Visit Duration During Covid-19 Across the Urban Hierarchy and Income Scale

In previous outputs we have looked extensively at how footfall across UK urban centres has changed in response to Covid-19, and more recently at how catchment areas have undergone similar transformation over the same period. In this analysis we use our mobile geo-location data to explore how dwell time – the duration of visitors to high-streets and town centres – has changed in the past 14 months and contrast those differences by income group.

Urban Centre Dwell Time by City, Town and Village
© Huq Industries 2021

The chart above shows the average number of hours in a day that visitors were observed in sample of cities, large and smaller towns and villages across the UK – represented at the monthly level since January 2020.

Larger towns and cities show a modest change in response to the first and subsequent lockdowns, with changes in the sub-10% range due to the wider mix of residential and commercial activities sustaining the previous trend. Dwell-time across smaller towns and village centres however shows variance of up to 25%. Rises coinciding with the first and second lockdowns may well reflect the predominantly residential nature of these centres.

Dwell-time by city, town and village by income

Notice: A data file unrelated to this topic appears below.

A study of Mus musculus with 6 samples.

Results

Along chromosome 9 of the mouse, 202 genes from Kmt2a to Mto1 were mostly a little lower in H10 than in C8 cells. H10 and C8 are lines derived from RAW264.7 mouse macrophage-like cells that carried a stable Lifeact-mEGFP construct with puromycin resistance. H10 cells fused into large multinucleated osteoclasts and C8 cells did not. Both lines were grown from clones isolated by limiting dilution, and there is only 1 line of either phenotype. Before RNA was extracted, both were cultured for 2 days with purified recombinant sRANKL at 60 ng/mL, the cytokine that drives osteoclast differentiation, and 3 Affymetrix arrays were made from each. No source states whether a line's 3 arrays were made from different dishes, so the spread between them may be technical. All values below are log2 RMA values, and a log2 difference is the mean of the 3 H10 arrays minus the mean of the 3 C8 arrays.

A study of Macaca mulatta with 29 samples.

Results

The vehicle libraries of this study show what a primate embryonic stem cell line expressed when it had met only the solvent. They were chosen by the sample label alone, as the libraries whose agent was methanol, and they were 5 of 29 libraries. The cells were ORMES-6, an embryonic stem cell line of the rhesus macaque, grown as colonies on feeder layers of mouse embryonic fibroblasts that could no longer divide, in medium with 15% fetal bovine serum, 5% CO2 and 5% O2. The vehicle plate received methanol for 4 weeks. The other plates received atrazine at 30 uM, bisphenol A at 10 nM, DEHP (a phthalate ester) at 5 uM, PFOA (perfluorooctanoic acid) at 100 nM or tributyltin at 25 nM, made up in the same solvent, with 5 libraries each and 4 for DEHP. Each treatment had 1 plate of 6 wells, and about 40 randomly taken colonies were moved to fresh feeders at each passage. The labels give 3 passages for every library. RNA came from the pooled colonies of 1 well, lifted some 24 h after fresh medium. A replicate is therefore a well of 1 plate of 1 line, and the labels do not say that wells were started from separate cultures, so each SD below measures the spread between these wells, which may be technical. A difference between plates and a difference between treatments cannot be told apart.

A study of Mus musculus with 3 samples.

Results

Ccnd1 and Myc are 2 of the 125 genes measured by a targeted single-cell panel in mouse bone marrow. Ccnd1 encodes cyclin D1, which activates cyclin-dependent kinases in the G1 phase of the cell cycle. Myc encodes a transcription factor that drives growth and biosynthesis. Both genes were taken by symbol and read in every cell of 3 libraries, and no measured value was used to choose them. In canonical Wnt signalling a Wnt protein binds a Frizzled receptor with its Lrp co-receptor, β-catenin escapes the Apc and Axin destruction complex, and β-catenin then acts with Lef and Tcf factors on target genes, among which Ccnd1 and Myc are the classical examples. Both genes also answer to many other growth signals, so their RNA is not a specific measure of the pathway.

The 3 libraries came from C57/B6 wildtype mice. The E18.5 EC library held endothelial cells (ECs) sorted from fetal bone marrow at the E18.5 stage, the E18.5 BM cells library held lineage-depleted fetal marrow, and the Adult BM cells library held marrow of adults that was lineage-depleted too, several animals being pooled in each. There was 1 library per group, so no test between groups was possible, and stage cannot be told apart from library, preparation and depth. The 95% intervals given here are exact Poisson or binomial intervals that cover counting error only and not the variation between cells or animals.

© Huq Industries 2021

These contrasts become more vivid as we explore the equivalent metric by income group, which we are able to inherit from the ONS Local Labour Market Statistics at the MSOA level (Nomis) based on approximate residential location.

Visit duration for high- and mid-earners across major city centres has remained relatively unaffected since Jan 2020 showing a variance of around 5%, while lower-income earners fell by 20% during the first lockdown. This trend is reflected to an even greater extent for villages. Across town centres however this picture is inverted, with visit duration for higher earners falling by as much as 25% over the summer period in particular.

Workplace and residential geography may play a role in these outcomes with costlier accommodation found in city centres and commuting villages, which leads to less observable change when the home and workplace become the same. The opposite may be true of towns, which support their own and also local village populations with routine / staple retail facilities in ways that cities and villages do not, and may also represent employment for local residents.

Huq Industries publishes high-frequency economic data across a range of themes derived from its first-party geo-mobility data. Our first-party, verified and compliant data supports a broad range of applications in financial services, real-estate, and public sector and CPG. Whichever research themes you are following, Huq offers a fast and reliable means to measure business and societal trends with confidence.